Absurdly Driven looks at the world of business with a skeptical eye and a firmly rooted tongue in cheek.
Isn't everyone on a health kick these days?
And doesn't that include restaurants and food manufacturers?
They seem to go out of their way to underline the healthier aspects of their offerings.
Yet a damning new report suggests that a trip to McDonald's hasn't really become healthier over time.
The Sun says it examined a leaflet from 1989 and compared it to the amounts of sugar, salt and calories in McDonald's food today.
What it found was that sugar levels were 221 percent higher in, for example, Big Macs than they were 30 years ago.
Regular French Fries, says the paper, now contain 43 percent more calories, 17 percent more fat and 24 percent more salt.
And a Quarter Pounder with Cheese enjoys a giddy 285 percent more sugar.
I contacted McDonald's for its reaction.
"For more than 30 years we have provided clear nutritional information, at point of sale and on tray liners, to help our customers make informed choices, and our menu has evolved over the years so it provides more choice than ever from salads, to wraps, to coffee, to fruit bags.," a spokeswoman told me.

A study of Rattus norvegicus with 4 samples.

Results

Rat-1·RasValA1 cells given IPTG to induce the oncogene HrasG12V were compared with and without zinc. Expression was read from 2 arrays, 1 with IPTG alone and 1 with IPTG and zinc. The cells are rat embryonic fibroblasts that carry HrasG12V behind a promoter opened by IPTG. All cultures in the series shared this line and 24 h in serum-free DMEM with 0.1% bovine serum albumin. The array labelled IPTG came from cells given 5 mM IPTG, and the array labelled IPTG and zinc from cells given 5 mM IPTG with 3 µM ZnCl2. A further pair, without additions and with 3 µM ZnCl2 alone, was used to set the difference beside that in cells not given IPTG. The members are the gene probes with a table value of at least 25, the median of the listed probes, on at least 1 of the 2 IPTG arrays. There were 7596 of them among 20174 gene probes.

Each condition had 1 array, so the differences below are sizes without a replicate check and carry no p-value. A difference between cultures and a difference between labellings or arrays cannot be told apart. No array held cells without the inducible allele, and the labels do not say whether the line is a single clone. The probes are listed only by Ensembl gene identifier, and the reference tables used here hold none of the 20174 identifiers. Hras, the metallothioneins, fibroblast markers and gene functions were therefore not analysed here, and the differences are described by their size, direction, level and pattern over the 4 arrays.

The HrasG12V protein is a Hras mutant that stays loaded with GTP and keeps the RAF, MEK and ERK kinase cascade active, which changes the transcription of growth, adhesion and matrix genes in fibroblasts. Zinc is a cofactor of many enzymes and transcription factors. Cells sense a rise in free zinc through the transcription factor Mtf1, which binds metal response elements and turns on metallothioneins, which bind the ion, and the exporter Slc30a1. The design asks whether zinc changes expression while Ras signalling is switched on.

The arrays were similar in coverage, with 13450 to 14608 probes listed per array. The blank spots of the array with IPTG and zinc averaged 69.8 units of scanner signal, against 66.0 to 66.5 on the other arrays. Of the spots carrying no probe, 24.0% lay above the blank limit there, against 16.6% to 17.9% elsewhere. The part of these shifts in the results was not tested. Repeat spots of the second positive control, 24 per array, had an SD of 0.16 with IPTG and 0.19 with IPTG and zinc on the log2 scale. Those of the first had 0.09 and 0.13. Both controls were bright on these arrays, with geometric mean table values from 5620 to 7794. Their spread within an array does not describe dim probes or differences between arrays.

I wonder how many people know, say, the calorific content of, say, their Big Macs.
McDonald's, though, told me that it had "worked hard to improve our recipes and to reduce fat, salt and sugar across our entire menu, without compromising on the taste that our customers love."
90 percent of its offerings said its spokeswoman, had fewer than 500 calories.
I fear some people may translate that as: "Hey, you like sugar, salt and fat, so we're just giving you what you want. And we don't hear you complaining."
Moreover, a company spokesman told the Daily Mail that the comparison wasn't entirely fair as its menu has "evolved in many ways including portion size, breadth and nutritional content."
Your task for today: define evolution.
The spokesman, however, was insistent: "Since 2005, we've reduced the salt content across our entire menu by nearly 35 per cent, the trans-fat content of our cooking oil by 94 per cent and saturated fat by 83 per cent, and almost 90 per cent of our standard food and drink items now contain fewer than 500 calories."
Obesity rates in the United States aren't exactly shrinking. Data suggests that almost 40 percent of adults in some states are obese.
For its part, the U.K. is said to be the most overweight nation in Western Europe.
Yet it's a touch too facile to just blame McDonald's and the like for everything.
Many people make specific choices about what they're going to eat.
How many walk into McDonald's believing that the food is going to be good for them?